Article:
High Speed Rail (London – West Midlands) Bill

Part of Speaker’s Statement – in the House of Commons at 6:36 pm on 28th April 2014.


Five years ago, I would have thought it incredible that I would probably be in the same Lobby as Frank Dobson, not united in some unholy alliance, but instead united in opposing my Government’s Bill. This, for me, is a first. Five years ago, the leader of the Conservative party, now the Prime Minister, supported HS2 in principle, and so did I. Five years ago, my right hon. Friend said that the Adonis route was profoundly wrong—that its implementation would be damaging to the environment, damaging to local areas that could otherwise enjoy peace and quiet, and damaging to the nation as a whole. Yet here we are, five years on, with the Government supporting the original Adonis plan. I find that quite extraordinary.

I totally agree with the arguments for HS2. There is a major capacity problem. Every day some 5,000 to 10,000 people arrive at Euston standing, because there are just not enough seats on the trains to let them sit. However, I agree with the right hon. Member for Holborn and St Pancras and, indeed, the Mayor of London, Boris Johnson, when he argues that there is not enough capacity at present for those disembarking at Euston to travel across London. How on earth can that be sustained when, in addition, something like 30 trains an hour will be arriving from the midlands and the north when High Speed 2 is completed?

I believe that the implementation of HS2 is deeply flawed. As my right hon. Friend Mrs Gillan has already pointed out, the promises of breakfast in Brum and lunch in Paris with a through route have all gone. There will be no connection between the midlands and the north and HS1 and the channel tunnel. Meanwhile, the Department for Transport, which is supposed to be an integrated, joined-up Department, has, quite rightly, commissioned the review by Sir Howard Davies of which airport is to be the main airport for London. We will not know its conclusions until after the next general election, yet HS2’s route is already fixed and we do not know which airport it will link to. Indeed, it probably will not link with any airport, like HS1. This is a deeply flawed system.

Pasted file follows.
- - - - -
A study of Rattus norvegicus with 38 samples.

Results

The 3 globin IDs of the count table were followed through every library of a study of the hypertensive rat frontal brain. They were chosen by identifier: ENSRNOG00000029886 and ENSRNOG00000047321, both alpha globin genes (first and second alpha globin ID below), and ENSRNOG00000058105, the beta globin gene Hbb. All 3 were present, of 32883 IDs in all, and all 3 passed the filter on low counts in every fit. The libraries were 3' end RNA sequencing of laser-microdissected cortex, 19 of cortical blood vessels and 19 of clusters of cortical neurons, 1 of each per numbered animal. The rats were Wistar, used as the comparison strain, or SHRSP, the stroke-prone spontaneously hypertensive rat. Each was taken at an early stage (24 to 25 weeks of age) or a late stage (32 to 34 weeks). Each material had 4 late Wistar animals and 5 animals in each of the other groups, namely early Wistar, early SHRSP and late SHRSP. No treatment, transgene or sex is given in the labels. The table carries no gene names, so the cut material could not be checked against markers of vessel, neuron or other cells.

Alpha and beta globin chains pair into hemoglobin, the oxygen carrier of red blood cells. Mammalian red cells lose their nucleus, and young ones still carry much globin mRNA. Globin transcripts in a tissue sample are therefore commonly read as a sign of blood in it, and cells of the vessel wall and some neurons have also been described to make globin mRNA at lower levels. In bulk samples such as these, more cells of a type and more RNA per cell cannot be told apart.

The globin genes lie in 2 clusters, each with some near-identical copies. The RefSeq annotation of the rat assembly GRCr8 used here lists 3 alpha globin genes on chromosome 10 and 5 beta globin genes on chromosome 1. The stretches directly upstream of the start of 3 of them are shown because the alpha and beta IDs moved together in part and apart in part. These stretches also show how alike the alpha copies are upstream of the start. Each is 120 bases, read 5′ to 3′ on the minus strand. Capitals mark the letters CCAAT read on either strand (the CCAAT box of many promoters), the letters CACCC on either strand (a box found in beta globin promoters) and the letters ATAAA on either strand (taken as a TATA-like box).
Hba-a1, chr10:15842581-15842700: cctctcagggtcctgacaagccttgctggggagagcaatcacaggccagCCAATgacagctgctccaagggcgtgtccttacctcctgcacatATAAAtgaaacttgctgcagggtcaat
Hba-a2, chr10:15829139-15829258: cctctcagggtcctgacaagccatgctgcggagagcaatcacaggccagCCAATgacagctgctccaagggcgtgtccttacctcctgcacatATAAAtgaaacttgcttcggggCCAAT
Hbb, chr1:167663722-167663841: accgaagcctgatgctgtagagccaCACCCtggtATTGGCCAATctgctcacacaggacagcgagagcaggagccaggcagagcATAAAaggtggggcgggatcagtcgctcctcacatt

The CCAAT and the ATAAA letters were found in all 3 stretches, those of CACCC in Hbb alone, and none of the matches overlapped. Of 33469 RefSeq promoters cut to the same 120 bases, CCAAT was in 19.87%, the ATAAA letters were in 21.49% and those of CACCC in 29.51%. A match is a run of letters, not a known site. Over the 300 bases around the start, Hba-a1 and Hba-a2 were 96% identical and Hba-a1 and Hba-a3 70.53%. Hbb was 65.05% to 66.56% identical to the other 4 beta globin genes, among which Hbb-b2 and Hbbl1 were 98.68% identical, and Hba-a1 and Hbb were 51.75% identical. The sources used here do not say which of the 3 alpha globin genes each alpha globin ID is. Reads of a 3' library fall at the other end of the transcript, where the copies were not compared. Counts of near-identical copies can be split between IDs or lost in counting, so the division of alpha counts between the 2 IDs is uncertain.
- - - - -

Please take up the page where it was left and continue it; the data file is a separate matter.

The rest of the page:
What about compensation, a topic that has been raised by colleagues? What about constituents in Lichfield who are facing spoil heaps for five or six years, as all the soil from the tunnels in the constituency of my right hon. Friend the Member for Chesham and Amersham is transported up to Lichfield to support giant viaducts that we are going to have built? Where will that be stored? In Lichfield. There will be no compensation because the spoil dumps are being regarded as temporary only. Believe me, for someone who is 70 or 80 years old and living next to a temporary mountain, with dumper trucks running by every day, five or seven years can be a lifetime. There should be compensation, and I hope that the hybrid Bill Committee will consider that. I have already talked about the problems of disembarking at Euston and homes being blighted, but what about the arbitrary distances? Beyond a certain distance, there will be no compensation. Absolutely no account has been taken of the local topography; whether someone will be affected by HS2 will depend on whether there are hills or the land is flat.

So it is that, with the greatest regret and for the first time in my membership of this House, I am going to support the amendment tabled by my right hon. Friend the Member for Chesham and Amersham and vote against my own party on such an important piece of legislation. I hope—I say this for the benefit of the Whip—that it will be the last time I do so.